India's Congress Party Names New Leader
NEW DELHI — LEADERS of the struggling Congress (I) Party, India's major political force for four decades, chose party loyalist P. V. Narasimha Rao to succeed assassinated former Prime Minister Rajiv Gandhi as president. Amid mounting criticism of Congress disarray, the party's working committee voted unanimously in naming the veteran politician.
But the 69-year-old Narasimha Rao, who has had recent health problems, was expected to serve only for an interim to carry the party through tough elections scheduled to resume next month.
It is also unclear whether Mr. Narasimha Rao would be given the position of prime minister if the Congress Party wins the national election that was interrupted by the May 21 assassination of Mr. Gandhi in a bomb explosion.
Voting will resume June 12 and 15.
Under the Nehru-Gandhi family, the president of the party was also head of the parliamentary contingent, and when Congress was in power, prime minister.
That could change as the party heads for a major restructuring and possibly even a split that could alter the election outcome and the face of politics in modern India.
Watching from the wings are leaders of the communist parties and the forces under former Prime Minister V. P. Singh and the caretaker government of Prime Minister Chandra Shekhar.
Their ranks include many Congress Party defectors who could reunite with fragments of the Congress to force a united front against the right-wing Hindu Bharatiya Janata Party (BJP), political observers say.
The appointment of Narasimha Rao is aimed at maintaining unity and controlling damage from the party's hasty and controversial attempt to name Gandhi's Italian-born widow, Sonia, as Congress Party president.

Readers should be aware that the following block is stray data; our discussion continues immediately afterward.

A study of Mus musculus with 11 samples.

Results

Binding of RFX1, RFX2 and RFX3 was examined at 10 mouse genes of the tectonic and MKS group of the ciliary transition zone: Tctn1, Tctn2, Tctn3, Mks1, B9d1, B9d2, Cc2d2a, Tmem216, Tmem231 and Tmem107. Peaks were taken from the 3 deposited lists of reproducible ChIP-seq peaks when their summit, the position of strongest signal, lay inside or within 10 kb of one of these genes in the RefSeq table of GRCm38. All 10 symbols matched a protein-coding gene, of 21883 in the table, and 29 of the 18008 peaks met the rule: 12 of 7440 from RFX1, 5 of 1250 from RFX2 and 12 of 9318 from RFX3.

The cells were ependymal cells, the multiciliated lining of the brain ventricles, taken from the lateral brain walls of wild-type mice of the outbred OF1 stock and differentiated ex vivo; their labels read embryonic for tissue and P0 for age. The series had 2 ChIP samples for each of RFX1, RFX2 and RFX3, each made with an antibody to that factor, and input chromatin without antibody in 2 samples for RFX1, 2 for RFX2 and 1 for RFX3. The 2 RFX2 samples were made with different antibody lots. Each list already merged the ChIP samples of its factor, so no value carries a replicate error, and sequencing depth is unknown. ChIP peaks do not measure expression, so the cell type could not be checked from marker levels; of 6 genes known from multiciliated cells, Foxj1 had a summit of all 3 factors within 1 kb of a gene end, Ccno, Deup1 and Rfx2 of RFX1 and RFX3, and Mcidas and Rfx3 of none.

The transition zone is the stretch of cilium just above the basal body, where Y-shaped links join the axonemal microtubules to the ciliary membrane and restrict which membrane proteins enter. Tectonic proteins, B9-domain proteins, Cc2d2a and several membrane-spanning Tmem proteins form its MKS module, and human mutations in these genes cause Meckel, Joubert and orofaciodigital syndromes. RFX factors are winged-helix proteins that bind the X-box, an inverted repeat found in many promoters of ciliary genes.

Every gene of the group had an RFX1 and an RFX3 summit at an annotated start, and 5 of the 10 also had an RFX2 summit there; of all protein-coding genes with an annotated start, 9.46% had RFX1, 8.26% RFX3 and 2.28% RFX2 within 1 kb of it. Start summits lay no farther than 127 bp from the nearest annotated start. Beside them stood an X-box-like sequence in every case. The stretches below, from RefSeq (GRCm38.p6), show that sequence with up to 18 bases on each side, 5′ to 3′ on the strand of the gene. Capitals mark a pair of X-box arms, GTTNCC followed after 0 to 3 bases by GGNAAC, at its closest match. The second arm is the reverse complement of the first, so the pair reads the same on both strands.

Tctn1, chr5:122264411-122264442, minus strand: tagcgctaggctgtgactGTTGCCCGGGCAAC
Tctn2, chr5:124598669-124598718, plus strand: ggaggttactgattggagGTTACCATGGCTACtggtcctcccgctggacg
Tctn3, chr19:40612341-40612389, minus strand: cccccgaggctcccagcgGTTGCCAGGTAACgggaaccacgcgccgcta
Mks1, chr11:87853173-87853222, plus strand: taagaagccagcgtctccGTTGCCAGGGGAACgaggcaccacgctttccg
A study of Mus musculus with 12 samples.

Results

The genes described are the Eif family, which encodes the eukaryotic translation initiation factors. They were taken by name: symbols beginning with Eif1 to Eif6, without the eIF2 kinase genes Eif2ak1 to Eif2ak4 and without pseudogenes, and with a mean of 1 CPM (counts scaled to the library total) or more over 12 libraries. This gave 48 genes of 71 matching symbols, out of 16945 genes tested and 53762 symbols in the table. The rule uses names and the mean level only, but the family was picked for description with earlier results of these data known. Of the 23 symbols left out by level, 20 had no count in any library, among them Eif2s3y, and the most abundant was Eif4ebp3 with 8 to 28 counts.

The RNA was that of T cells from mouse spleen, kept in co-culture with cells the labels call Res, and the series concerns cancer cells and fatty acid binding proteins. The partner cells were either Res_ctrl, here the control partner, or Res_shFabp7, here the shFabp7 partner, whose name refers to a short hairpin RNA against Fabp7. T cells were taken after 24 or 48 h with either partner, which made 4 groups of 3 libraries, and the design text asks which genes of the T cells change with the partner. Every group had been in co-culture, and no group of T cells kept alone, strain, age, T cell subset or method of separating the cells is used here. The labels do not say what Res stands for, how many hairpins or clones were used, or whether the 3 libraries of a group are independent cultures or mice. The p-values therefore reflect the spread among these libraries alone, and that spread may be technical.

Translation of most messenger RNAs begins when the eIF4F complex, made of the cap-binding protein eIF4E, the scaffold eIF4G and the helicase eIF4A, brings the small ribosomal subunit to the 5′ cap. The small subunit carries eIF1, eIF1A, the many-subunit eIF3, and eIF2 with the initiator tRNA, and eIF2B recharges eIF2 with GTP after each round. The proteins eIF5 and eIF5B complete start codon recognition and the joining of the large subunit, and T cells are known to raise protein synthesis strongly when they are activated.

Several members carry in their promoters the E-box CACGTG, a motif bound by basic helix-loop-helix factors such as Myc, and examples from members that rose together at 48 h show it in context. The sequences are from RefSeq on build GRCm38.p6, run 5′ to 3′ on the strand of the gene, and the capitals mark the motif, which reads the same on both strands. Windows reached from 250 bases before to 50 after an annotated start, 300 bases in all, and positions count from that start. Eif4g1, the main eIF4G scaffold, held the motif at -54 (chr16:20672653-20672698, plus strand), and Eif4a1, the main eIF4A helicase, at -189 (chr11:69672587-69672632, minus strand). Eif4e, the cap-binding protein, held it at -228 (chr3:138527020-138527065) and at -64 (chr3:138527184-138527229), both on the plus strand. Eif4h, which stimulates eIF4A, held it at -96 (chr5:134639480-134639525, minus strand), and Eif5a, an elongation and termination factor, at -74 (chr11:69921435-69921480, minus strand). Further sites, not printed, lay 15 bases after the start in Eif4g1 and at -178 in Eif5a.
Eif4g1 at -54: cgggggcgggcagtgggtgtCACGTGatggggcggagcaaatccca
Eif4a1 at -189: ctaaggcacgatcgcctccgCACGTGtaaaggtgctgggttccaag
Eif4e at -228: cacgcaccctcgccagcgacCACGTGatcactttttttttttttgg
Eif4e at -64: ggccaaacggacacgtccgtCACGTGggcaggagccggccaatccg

Mrs. Gandhi has refused the post and resisted repeated efforts by Congress members to pressure her to take the job. Although her Italian background has been controversial in India, the Congress Party was gambling that her leadership would draw a sympathy vote for the party.
Mrs. Gandhi's nomination was engineered by a small coterie of Rajiv Gandhi's cronies who are not elected officials and whose political fortunes are linked to the Nehru-Gandhi family.
Analysts question whether an outpouring of sympathy will come and carry the Congress back into power as cracks appear in the party and resentment has erupted openly over Mrs. Gandhi's appointment.
Leaders of various Congress factions are beginning to distance themselves from the decision, which has tarnished and embar-assed the organization that spearheaded India's independence struggle against the British.
Several senior Congress members have called for decentralization and more democracy within the party long overshadowed by the personality cult and politics of the Nehru-Gandhi family.
Analysts say Narasimha Rao, a Cabinet minister under both Rajiv Gandhi and his mother, Indira Gandhi, lacks the charisma and presence to prevail in the long run as senior politicians jostle openly for the upper hand.